New deadly Mpox strain raises concerns about possible global spread

A new and highly dangerous strain of Mpox, previously known as monkeypox, has emerged in the Democratic Republic of Congo (DRC), causing worldwide alarm. This mutated variant, identified as clade 1b, is spreading rapidly and has a significantly higher fatality rate compared to other known strains. The World Health Organization (WHO) and scientists are urging immediate action to contain this outbreak and prevent its spread beyond Africa.

Warnings that also being sent out to countries that are major tourist and holiday destinations to be on their guard for the possible emergence and spread of this new Mpox strain in their respective countries.

Discovery and transmission

First detected in February 2024, the new clade 1b strain is described by experts as the most dangerous strain of Mpox to date. Unlike previous variants that primarily spread through sexual contact among men who have sex with men, clade 1b does not require sexual contact for transmission. This new strain spreads through touch and close contact, making it much harder to contain.

Researchers have reported cases of clade 1b spreading in schools, workplaces, and from mother to child. The disease has caused numerous miscarriages among pregnant women and presents with symptoms that are more severe and widespread than earlier strains. Lesions and blistering cover the entire body rather than being confined to specific areas, and patients frequently experience whole-body rashes, eye problems, and high fever.

The previous strains of Mpox have been only passed down through sexual contact however, the new strain can be transmitted through touch | Photo by Ricardo Gomez Angel on Unsplash

Fatality rates and spread

The fatality rates associated with clade 1b are particularly concerning, with an estimated 5% mortality rate in adults and 10% in children. To date, roughly 8,600 Mpox cases have been reported in the DRC this year, resulting in 410 deaths. Health officials are warning that these numbers could rise significantly if the outbreak is not contained.

Dr Cris Kacita, who oversees the DRC’s Mpox control program, highlighted the gravity of the situation, noting that 24 out of the country’s 26 provinces are affected. South Kivu, a hard-to-reach province in the DRC, has been particularly impacted, with the mining town of Kamituga reporting around 20 new cases each week. Given the proximity of South Kivu to Rwanda and Burundi, there are serious concerns about the virus crossing borders and spreading to neighbouring countries.

Urgent calls for action

The WHO and other health organizations are calling for urgent international support to address the outbreak. Dr Rosamund Lewis, the WHO’s technical lead for Mpox, emphasised the critical need for a coordinated response to manage the surge in cases. Efforts are underway to secure vaccines and treatments, but access remains limited, particularly in affected regions of the DRC.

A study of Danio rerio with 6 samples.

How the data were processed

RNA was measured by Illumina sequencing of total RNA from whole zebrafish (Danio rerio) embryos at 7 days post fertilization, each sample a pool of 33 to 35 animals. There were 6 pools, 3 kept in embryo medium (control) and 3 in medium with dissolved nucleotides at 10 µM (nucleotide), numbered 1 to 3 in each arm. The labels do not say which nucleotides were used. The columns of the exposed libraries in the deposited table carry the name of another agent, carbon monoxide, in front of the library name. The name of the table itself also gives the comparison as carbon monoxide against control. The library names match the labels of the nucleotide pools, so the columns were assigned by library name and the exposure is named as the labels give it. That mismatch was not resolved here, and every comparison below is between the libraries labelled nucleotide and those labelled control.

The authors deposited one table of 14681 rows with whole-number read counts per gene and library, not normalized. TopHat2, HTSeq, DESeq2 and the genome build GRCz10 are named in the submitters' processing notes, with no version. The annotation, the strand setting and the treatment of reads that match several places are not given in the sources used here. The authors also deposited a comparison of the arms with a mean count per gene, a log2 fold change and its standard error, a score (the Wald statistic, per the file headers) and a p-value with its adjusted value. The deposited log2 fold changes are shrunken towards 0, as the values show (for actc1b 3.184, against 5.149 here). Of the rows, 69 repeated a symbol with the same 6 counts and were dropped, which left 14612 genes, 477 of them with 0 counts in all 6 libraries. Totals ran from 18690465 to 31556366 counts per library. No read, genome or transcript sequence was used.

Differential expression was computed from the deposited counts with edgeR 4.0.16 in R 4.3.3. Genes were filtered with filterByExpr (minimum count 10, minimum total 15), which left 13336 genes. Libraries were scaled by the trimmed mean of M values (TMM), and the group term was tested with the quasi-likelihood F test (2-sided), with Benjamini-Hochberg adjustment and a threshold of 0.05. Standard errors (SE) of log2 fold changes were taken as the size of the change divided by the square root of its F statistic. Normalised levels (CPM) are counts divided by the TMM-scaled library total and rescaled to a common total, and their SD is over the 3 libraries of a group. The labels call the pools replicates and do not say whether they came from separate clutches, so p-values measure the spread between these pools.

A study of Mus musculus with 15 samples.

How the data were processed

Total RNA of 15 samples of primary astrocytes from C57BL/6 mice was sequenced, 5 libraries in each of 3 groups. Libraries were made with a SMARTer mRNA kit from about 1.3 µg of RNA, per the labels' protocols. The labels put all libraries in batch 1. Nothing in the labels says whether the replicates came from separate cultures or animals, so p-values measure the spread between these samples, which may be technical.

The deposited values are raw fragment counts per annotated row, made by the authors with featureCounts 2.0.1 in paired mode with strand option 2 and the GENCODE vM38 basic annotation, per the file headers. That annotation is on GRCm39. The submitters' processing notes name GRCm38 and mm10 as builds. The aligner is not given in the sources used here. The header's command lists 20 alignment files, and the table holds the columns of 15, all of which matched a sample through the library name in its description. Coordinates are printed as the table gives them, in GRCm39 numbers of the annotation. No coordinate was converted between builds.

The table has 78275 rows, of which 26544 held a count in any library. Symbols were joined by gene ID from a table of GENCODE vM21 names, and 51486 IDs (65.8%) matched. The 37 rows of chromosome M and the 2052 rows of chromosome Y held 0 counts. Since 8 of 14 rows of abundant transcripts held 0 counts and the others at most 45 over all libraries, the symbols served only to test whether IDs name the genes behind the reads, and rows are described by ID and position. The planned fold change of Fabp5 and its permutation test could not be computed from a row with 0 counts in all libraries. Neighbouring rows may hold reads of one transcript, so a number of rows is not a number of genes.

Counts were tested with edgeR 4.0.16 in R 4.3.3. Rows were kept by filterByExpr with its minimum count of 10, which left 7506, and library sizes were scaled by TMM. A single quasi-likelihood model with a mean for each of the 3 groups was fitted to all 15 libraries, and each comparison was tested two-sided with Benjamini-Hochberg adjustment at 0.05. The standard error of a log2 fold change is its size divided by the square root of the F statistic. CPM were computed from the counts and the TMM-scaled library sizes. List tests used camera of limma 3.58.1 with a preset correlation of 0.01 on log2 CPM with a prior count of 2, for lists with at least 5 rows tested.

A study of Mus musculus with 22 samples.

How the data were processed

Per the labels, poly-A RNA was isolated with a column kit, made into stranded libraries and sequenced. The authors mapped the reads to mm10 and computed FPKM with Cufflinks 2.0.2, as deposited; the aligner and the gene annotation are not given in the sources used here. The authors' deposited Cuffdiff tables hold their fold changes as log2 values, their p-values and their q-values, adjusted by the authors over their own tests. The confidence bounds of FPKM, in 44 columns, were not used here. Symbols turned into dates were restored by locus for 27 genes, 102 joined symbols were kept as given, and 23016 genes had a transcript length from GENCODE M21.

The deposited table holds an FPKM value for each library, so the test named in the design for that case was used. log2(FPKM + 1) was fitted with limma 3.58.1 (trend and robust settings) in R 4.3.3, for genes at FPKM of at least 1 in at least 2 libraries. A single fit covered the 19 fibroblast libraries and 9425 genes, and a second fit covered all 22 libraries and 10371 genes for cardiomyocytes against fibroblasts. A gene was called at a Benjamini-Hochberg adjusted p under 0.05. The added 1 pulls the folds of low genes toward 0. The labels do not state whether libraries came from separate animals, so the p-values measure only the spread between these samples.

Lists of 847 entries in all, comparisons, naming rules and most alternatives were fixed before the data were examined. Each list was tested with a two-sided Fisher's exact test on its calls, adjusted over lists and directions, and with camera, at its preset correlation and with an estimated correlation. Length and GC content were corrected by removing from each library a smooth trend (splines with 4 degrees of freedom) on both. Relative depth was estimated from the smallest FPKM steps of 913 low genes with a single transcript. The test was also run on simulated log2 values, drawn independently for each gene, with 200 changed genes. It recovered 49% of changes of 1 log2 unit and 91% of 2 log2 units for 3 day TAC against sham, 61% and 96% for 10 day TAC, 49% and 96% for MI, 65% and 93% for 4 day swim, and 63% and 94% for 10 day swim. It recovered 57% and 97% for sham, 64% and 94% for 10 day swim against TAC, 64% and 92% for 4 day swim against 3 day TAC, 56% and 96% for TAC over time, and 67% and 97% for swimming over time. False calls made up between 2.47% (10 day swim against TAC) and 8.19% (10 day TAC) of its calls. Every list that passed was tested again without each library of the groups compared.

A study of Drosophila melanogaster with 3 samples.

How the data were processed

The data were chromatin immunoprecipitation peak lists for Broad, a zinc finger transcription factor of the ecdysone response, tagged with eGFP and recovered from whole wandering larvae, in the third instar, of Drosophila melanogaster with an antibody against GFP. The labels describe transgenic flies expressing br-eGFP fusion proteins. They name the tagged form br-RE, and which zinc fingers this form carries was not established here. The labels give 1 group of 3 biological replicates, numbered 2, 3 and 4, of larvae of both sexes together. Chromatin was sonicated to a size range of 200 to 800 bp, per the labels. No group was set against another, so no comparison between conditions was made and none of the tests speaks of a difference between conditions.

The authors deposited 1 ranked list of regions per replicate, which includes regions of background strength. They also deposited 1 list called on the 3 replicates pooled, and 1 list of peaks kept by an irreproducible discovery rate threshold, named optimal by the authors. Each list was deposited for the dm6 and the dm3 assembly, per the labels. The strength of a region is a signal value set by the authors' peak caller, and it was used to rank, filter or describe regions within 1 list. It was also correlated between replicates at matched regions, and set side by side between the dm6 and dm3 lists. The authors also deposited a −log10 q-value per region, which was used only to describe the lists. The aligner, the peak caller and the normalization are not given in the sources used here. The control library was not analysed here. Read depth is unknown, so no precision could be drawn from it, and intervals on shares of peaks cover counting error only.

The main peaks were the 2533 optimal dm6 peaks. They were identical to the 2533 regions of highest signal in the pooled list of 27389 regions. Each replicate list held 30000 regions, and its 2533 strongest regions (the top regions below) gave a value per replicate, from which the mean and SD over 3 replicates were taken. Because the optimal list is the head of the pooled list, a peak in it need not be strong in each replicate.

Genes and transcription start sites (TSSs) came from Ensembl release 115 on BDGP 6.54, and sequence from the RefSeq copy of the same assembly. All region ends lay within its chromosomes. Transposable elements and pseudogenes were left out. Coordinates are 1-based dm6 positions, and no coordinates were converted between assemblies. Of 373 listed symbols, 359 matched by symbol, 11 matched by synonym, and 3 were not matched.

Dr John Claude Udahemuka, a researcher from the University of Rwanda working on the ground in South Kivu, stressed the importance of studying the new strain’s transmission routes. Evidence suggests that clade 1b is spreading through non-sexual close contact, including caregiver-to-child transmission and within educational settings. The disease also appears to be causing longer-term symptoms, with patients experiencing persistent rashes and other lingering effects.

Potential for global spread

Experts fear that the new strain could follow a similar trajectory to clade IIb, which spread globally in 2022. Given the interconnectedness of the region and the movement of people, particularly sex workers who travel between the DRC and neighbouring countries, the potential for international spread is high. Goma, a major city in the DRC with an international airport, has already reported a significant outbreak, raising concerns about the virus reaching Europe and beyond.

Researchers believe that the initial outbreak in Kamituga can be traced back to a man who travelled to the town and had contact with multiple sex workers, thereby facilitating the spread of the virus. However, the exact mechanisms behind the virus’s mutation and increased transmissibility remain unclear, adding to the list of unknowns about this dangerous new strain.

Mpox strain
Photo by Kyle Glenn on Unsplash

The need for enhanced surveillance and research

The current outbreak highlights the need for improved surveillance and research to better understand and combat the new strain. PCR tests designed for diagnosing Mpox are not effective against clade 1b, meaning many cases may go undetected. This lack of effective diagnostic tools hampers efforts to track and control the spread of the virus.

Health authorities in the region are overwhelmed, and there is an urgent need for international assistance. The WHO, Coalition for Epidemic Preparedness Innovations (CEPI), and the governments of the DRC and Rwanda are in discussions to secure vaccines and other resources. However, the efficacy of existing vaccines against clade 1b remains uncertain, complicating the response efforts.

The emergence of clade 1b Mpox in the DRC is a stark reminder of the ongoing threat posed by infectious diseases and the need for global vigilance. As the situation evolves, coordinated international action is crucial to prevent a widespread outbreak. The WHO and scientists are urging immediate support to contain the virus, protect vulnerable populations, and prevent the new strain from becoming a global health crisis.


Dr. Nikhil Prasad

Dr. Nikhil Prasad is an independent researcher, medical, pharma and health PR consultant, herbalists and phytochemical specialists and a medical and health writer for numerous international publications and sites including his own sites such as Thailand Medical News. He is based either at Sydney, New York, Shanghai, Mumbai or Bangkok.